Time to lead: Australia cannot stay silent on China's aggression in the West Philippine Sea


Albanese’s visit to Washington follows the cancellation of the QUAD leaders meeting due to US internal instability. While the Prime Minister’s communications team may lament the missed opportunity for a snap of the leaders in front of the Sydney Opera House, there are many more effective ways to demonstrate regional leadership. Albanese’s visit to the White House is one such opportunity with the US is under pressure abroad and its allies and partners engaged in conflicts in Europe and the Middle East.

All this comes as questions are being raised in the US about the viability of the AUKUS submarine deal, which Anthony Albanese must be hoping to quell. It is within this context, that America’s ally, the Philippines, has again come under pressure through China’s increasingly aggressive tactics within its exclusive economic zone (EEZ). And Australia should be unequivocal in its statement that China’s aggressive actions are unacceptable. With Australia’s US ally stretched from Europe to the Middle East, it’s time for Australia to step up and lead in its own backyard.

Like clockwork, on Sunday the Chinese Coast Guard again attempted to blockade a resupply vessel on route to the deteriorating Philippine Navy vessel, BRP Sierra Madre, that is beached on Second Thomas Shoal. The dangerous manoeuvring of a Chinese Coast Guard vessel, increasingly a staple of maritime operations in the South China Sea, resulted in a collision with the contracted resupply vessel. During the same mission, a Chinese maritime militia vessel rammed a Philippines Coast Guard patrol vessel. Whilst thankfully there do not appear to be any injuries, this increasingly dangerous cat and mouse game on the high seas is undermining the UN Convention on the Law of the Sea and the Convention on the International Regulations for preventing Collisions at Sea. Both are central to Australia’s own maritime security.

China’s aggressive actions within the Philippine EEZ are not new, but the escalating nature of the aggression should be a cause for concern for Australia. In February, a Chinese Coast Guard ship reportedly shone a military grade laser multiple times into the bridge of a Philippine resupply vessel. In August, the Sierra Madre resupply mission again featured in global news with images of a Chinese vessel water cannoning the small Philippine vessel.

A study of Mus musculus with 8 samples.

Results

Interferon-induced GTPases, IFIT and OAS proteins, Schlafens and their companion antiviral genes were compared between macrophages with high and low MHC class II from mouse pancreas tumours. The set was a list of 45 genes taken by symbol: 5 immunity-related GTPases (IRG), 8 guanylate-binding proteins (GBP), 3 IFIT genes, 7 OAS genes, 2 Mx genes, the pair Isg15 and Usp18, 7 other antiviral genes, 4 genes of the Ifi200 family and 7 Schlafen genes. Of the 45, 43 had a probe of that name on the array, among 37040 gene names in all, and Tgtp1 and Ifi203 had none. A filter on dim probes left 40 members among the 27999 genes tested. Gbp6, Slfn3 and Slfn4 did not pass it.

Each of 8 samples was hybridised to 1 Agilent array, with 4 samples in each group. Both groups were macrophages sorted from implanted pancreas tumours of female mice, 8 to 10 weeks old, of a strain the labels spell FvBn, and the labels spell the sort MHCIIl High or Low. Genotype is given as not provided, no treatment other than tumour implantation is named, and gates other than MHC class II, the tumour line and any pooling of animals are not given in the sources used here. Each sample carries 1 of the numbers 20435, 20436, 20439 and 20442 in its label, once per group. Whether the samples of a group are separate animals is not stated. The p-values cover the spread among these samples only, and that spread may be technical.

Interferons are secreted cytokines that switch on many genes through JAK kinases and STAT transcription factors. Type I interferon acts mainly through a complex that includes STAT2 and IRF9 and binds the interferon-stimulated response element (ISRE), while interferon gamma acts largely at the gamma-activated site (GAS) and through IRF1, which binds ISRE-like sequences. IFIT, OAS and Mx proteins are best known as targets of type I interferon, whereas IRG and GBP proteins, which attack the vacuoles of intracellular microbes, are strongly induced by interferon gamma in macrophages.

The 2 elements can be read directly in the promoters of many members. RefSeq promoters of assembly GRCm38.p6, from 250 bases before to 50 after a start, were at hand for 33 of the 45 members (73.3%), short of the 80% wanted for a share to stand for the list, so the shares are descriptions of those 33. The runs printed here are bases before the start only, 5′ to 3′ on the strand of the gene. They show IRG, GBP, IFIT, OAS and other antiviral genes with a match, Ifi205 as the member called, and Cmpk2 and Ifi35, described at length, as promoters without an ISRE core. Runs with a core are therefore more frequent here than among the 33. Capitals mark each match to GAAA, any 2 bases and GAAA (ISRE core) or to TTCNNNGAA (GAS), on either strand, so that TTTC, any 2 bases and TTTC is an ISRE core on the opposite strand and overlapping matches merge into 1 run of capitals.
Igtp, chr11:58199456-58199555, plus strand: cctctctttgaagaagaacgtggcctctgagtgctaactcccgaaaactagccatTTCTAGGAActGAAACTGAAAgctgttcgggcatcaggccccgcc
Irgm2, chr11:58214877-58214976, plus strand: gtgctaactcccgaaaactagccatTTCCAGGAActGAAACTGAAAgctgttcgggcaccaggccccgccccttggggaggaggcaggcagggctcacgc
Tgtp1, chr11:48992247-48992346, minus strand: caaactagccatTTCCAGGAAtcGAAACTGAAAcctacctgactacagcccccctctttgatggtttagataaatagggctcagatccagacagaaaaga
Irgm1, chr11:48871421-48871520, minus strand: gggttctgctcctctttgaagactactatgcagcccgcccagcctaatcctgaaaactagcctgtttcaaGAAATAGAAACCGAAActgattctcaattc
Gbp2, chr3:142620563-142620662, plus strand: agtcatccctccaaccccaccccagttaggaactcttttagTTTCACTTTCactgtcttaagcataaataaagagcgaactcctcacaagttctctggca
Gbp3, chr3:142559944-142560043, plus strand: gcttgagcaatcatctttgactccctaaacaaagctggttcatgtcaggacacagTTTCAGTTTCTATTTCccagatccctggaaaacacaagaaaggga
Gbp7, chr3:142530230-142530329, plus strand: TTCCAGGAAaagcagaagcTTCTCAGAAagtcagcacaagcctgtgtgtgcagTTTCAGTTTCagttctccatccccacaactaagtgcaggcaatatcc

Whilst there are many disputed maritime claims across the region, what sets incidents in areas like Second Thomas shoal apart is the feature’s undeniable standing in international law. The shoal sits 105 nautical miles West of the Philippines island of Palawan and more than 500 nautical miles from China. It is one of the features subject to the 2016 permanent court of arbitration tribunal ruling which found it to be a low tide elevation within the Philippines EEZ which China had no legal territorial claim too.

Following the August incident, subsequent visits to the Philippines from Richard Marles in August and Anthony Albanese in September signalled a strengthening of ties between the two countries through the signing of a strategic partnership and announcement that joint maritime patrols would take place.

The strong messaging from the August and September visits is in danger of being undermined. The promised joint patrols appear yet to manifest, or at least they have not been publicly signalled, and the Australian Government has avoided making clear unequivocal statements about China’s bullying of Philippines within its own exclusive economic zone.

As Albanese heads to the US signalling the strength of the relationship and hoping to move the needle on the fledging AUKUS arrangement, Australia should be clear and unequivocal that China’s actions towards the Philippines in the vicinity of Second Thomas Shoal are unacceptable. It can achieve this by following through with its planned joint patrols with the Philippines and making a clear statement on the weekend’s events.

In June, Albanese spoke passionately at the Shangri-La dialogue in Singapore about the need for guardrails. Well, guardrails start with being clear on where you stand and Australia must clearly state its view about what is happening in our own backyard.

In a time of global crisis from the Middle East to Europe, its time for Australia as a regional power in the Indo-Pacific to take the lead and be unequivocal about China’s bullying of the Philippines.

Jennifer Parker is a Senior Adviser with the ANU National Security College and Adjunct Fellow in Naval Studies at UNSW with over 20 years experience within the Department of Defence.
This article originally appeared in The Australian Financial Review on 24 October 2023.